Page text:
The ocean on its own is an amazing place. Which is why we humans like to explore it, from its warm, sandy beaches to its dark, mysterious depths. But when humans are involved, things can and often do go wrong.
That’s where we come in. Our corner of NOAA helps figure out what impacts have happened and what restoration is needed to make up for them when humans create a mess of the ocean, from oil spills to ship groundings.
In honor of World Ocean Day, here are a few ways we at NOAA make the ocean a better place for corals when ships accidentally turn them into undersea roadkill.
First, we literally vacuum up broken coral and rubble from the seafloor after ships run into and get stuck on coral reefs. The ships end up crushing corals’ calcium carbonate homes, often carpeting the seafloor with rubble that needs to be removed for three reasons.
- To prevent it from smashing into healthy coral nearby.
- To clear space for re-attaching coral during restoration.
- To allow for tiny, free-floating coral babies to settle in the cleared area and start growing.
Check it out:Sometimes, however, the broken bits get stuck in the suction tube, and you have to give it a good shake to get things moving. Next, we save as many dislodged and knocked over corals as we can. In this case, popping them into a giant underwater basket that a boat pulls to the final restoration site.
Sometimes we use “coral nurseries” to regrow corals to replace the ones that were damaged. This is what that can look like:
Instead of cement, we may also use epoxy, nails, or cable ties to secure corals to the ocean floor.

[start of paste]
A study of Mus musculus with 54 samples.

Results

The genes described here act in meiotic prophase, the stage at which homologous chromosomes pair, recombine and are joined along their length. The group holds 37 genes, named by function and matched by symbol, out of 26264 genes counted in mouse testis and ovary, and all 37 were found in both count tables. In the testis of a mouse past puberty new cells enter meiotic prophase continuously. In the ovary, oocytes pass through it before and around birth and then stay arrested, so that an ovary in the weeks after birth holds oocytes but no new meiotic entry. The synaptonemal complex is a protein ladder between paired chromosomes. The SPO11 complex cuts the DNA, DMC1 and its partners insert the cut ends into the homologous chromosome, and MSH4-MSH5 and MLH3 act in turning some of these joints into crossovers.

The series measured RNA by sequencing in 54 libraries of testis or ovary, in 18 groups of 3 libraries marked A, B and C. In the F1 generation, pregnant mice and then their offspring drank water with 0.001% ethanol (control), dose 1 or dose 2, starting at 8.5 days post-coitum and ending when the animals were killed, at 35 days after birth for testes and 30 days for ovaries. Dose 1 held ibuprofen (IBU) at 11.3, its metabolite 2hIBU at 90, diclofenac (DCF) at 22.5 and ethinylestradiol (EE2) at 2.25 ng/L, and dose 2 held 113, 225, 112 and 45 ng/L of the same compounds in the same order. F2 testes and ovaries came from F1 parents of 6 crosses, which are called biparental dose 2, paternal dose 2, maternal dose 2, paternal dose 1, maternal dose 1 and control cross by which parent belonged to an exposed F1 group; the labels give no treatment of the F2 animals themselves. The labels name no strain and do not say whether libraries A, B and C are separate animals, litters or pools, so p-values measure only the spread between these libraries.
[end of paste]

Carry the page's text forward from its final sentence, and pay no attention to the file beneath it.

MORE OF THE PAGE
After all that work, the seafloor goes from looking like this:
Ta-da! Good as new, or at least, on its way back to being good-as-new.
When that’s not enough to make up for all the harm done to coral reefs hit by ships, we look for other restoration projects to help corals in the area, like this project to vacuum invasive algae off of coral reefs in Oahu.
Watch how this device, dubbed the “Super Sucker,” works to efficiently remove the yellow-brown algae that is smothering the corals:
Or, as another example of a coral restoration project, we set sail each year to the remote Papahānaumokuākea Marine National Monument in the Northwestern Hawaiian Islands to pull more than 50 tons of giant, abandoned fishing nets off of the pristine coral reefs.
In 2014, that included removing an 11 ton “monster net” from a reef:
For the most part, the coral restoration you’ve seen here was completed by NOAA and our partners, beginning in October 2013 and wrapping up in April 2014.
These corals were damaged off the Hawaiian island of Oahu in February of 2010 when the cargo ship M/V VogeTrader ran aground and was later removed from a coral reef in Kalaeloa/Barber’s Point Harbor.